Richard Sherman defends Cam Newton’s benching, details Seahawks’ dress code
RENTON – Seahawks coach Pete Carroll was asked Wednesday if his team has a dress code like the Panthers.
“We have a dress code,” Carroll said. “I didn’t answer the second part of that. We have a dress code.”
In other words: Seattle’s isn’t the same as the one that led Carolina coach Ron Rivera to bench Cam Newton for the start of Sunday night’s game, which became an unusual subplot to the Seahawks’ blowout victory. Rivera’s decision was significant not just because of what happened on Carolina’s opening play but because of the larger implications of a team publicly disciplining its quarterback and most important player.
“I have no thoughts,” Carroll said when asked what he thought of the way the Panthers handled the Newton necktie flap. “They do whatever they want to do. However they want to do it. No opinion.”
Cornerback Richard Sherman had one. He agreed with Rivera’s decision.
“Accountability,” Sherman said. “You’ve got to hold everybody accountable the same. You start treating guys different, then it’s a slippery slope.”
That was likely at least part of Rivera’s reasoning for temporarily benching Newton, the Panthers’ $20-million-a-year quarterback and the NFL’s reigning MVP. He didn’t wear a tie on the team’s trip to Seattle from the Bay Area, where the Panthers had stayed last week following their game in Oakland. According to recent reports, Newton was previously warned about his attire by Rivera and knew he’d be disciplined if he didn’t wear a tie.
He didn’t, and so it was backup Derek Anderson who took the field for the start of Sunday night’s game, a surprise to almost everyone inside CenturyLink Field, Seattle’s players included. Anderson threw a pass on the opening play that went through the hands of fullback Mike Tolbert and right to Seahawks linebacker Mike Morgan. Seattle kicked a field and never looked back.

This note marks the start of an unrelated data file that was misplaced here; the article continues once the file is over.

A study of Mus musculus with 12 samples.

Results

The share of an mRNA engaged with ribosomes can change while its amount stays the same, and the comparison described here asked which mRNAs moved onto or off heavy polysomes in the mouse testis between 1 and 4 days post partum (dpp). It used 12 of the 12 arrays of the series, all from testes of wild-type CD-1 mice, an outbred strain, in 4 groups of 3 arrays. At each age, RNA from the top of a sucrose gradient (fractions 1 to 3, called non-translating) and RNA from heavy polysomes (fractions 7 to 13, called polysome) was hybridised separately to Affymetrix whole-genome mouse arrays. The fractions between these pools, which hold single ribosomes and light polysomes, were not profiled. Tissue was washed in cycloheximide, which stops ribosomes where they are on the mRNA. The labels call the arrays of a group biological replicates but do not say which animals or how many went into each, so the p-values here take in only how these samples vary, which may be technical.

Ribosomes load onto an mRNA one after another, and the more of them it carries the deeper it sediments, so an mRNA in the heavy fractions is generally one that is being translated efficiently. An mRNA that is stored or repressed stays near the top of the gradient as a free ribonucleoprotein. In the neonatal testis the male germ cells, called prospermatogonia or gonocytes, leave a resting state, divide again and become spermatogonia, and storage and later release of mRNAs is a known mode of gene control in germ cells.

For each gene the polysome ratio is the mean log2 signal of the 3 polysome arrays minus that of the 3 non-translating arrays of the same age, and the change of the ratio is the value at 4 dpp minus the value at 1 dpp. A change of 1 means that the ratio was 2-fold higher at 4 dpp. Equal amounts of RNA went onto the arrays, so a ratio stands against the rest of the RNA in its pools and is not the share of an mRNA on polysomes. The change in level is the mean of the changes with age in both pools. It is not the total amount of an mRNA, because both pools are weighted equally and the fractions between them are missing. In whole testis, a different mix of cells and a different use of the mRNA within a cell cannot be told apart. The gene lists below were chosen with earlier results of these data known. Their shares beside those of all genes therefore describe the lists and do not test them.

Newton entered the game on Carolina’s next possession.
“I thought maybe there was an injury to Cam that they may have been withholding or maybe he sprained his hand in warmups or something crazy,” Sherman said about Newton not taking the field at the start. “Crazier things have happened. Then once he came in, we didn’t really understand what was going on.”
Carroll is known for giving his players quite a bit of leeway compared to some of the NFL’s more stringent coaches. That much is evident in the way Carroll allows them to express themselves publicly, and from the sounds of it, that also applies to their dress code for away games.
“For one-day trips, it’s more formal,” Sherman said. “You wear polo shirts or jeans or something nicer – very ambiguous – but nicer.”
That’s right, polo shirts and jeans are considered formal attire. Slippers aren’t allowed, though.
“Put your shoes on,” Sherman said. “He doesn’t like me wearing my UGGs.”
For shorter flights – to California or Arizona, for instance – the Seahawks will typically leave on a Saturday for a Sunday game. They’ll take off on Friday when they’re heading to the east coast. The dress code is even more lax for those trips, Sherman said.
“For two-day trips, it’s more casual because it’s obviously going to be a time change and a longer flight, so he allows us to wear kind of whatever you can put on,” Sherman said. “But for one-day trips, two-day trips, it changes.”
What about slippers on the plane? Is Carroll OK with that?
“He doesn’t go back there and check,” Sherman said with a laugh before referencing Newton’s tie flap. “But if you’re asking have we ever run into anything like that, we haven’t. Pete’s a pretty cool guy. Don’t be disrespectful and most guys respect things he says and are pretty good about that.”